Mozilla Enhances Browser-Based Gaming
Written by Ian Elliot   
Friday, 21 March 2014

Mozilla  has partnered with Unity Technologies and with Epic Games in order to provide games devs with facilities for delivering superior performance and near-native speeds in Firefox.

At this week's GDC game devs have learned that Mozilla and Unity Technologies are collaborating to bring the Unity Game Engine to the browser by providing WebGL export in Unity 5.0 which is to be released later this year.

Up to now the Unity game engine, which has proved very popular with indie game developers, has only offered a browser plug-in for those wanting to produce browser-based games. Now thanks to cooperation with Mozilla and by taking advantage of WebGL, EmScripten, and ASM.js technologies, Unity will be able to run natively in the browser.


This preview of Dead Trigger 2 demos the new capability:



Martin Best, Game Platform Strategist at Mozilla explained

“One of the questions game developers ask us most often is whether Unity will support WebGL and asm.js. We’re happy that this support is now a reality and look forward to a new era of high-quality games on the Web.”

Having ported the Unreal Engine 3 framework to the web for last year's Game Developers Conference (GDC), where it was demonstrated as proof-of-concept, Moziilla has again partnered with Epic Games - this time to reveal that the Unreal Engine 4 framework is available for developers to start using in their browser based games.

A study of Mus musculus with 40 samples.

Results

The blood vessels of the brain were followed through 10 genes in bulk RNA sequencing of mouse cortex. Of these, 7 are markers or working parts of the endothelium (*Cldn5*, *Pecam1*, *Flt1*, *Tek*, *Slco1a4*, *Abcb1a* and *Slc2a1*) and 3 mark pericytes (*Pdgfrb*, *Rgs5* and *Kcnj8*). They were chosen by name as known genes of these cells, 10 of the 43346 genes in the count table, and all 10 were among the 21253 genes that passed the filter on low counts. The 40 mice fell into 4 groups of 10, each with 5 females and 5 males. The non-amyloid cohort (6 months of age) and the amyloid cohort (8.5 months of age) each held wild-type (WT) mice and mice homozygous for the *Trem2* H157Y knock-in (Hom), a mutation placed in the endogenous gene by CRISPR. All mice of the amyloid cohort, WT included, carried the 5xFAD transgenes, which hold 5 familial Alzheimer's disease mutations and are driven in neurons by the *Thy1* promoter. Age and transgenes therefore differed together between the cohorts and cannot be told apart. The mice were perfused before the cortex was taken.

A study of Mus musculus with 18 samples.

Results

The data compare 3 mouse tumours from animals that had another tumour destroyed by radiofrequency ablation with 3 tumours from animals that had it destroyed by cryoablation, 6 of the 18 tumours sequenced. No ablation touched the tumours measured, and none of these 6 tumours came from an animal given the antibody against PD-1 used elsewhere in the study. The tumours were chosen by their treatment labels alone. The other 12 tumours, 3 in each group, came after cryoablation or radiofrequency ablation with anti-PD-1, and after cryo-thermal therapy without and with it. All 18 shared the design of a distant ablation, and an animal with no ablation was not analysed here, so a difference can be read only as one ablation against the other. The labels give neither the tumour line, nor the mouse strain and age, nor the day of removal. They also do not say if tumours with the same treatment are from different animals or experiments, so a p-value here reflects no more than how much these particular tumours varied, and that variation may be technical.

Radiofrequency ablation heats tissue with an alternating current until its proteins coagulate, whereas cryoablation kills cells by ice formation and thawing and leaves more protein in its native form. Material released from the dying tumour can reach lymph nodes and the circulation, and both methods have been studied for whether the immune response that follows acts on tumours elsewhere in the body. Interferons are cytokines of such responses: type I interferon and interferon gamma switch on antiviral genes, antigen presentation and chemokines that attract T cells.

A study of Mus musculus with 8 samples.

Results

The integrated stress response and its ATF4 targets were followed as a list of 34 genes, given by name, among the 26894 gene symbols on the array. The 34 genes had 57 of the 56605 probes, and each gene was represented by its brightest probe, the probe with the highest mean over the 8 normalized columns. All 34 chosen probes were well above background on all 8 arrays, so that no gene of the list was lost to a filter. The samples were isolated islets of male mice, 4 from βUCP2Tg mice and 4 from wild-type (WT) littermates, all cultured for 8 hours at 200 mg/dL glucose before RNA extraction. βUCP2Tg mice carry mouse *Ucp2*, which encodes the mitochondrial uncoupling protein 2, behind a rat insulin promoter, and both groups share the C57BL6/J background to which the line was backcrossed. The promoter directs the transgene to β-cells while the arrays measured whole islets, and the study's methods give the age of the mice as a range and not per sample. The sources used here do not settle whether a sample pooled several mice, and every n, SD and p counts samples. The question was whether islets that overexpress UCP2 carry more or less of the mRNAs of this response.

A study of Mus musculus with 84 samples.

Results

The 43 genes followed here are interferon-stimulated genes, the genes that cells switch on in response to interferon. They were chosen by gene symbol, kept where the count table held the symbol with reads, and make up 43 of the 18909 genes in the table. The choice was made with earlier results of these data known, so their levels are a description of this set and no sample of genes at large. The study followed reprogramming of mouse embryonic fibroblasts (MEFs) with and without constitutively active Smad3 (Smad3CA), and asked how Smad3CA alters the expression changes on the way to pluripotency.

This video provides a first glimpse of Epic's Unreal Engine 4 running in Firefox at near-native speed. The game demos' shown include Epic's Soul and Swing Ninja running on the web without plugins. 



Of course all of this is only possible because of asm.js. This is a clever idea that seems to be delivering on its promise. Asm.js is a subset of JavaScript selected so as to allow runtime optimization which will produce enough of a speed up to make games run at near native speeds - or at least acceptable speeds. Instead of writing games in asm.js it makes much more sense to port game engines to run in the browser and then run all of the games they support on top of the engine. 

It is starting to look as if Mozilla's asm.js may be the preferred technology over Google's native code NaCl technologies. 


More Information

Mozilla and Unity Bring Unity Game Engine to WebGL


Epic Games

Related Articles

Firefox Runs JavaScript Games At Native Speed  

Asm.js Gets Faster       

Java, ASM.js Or Native - Which Is Faster?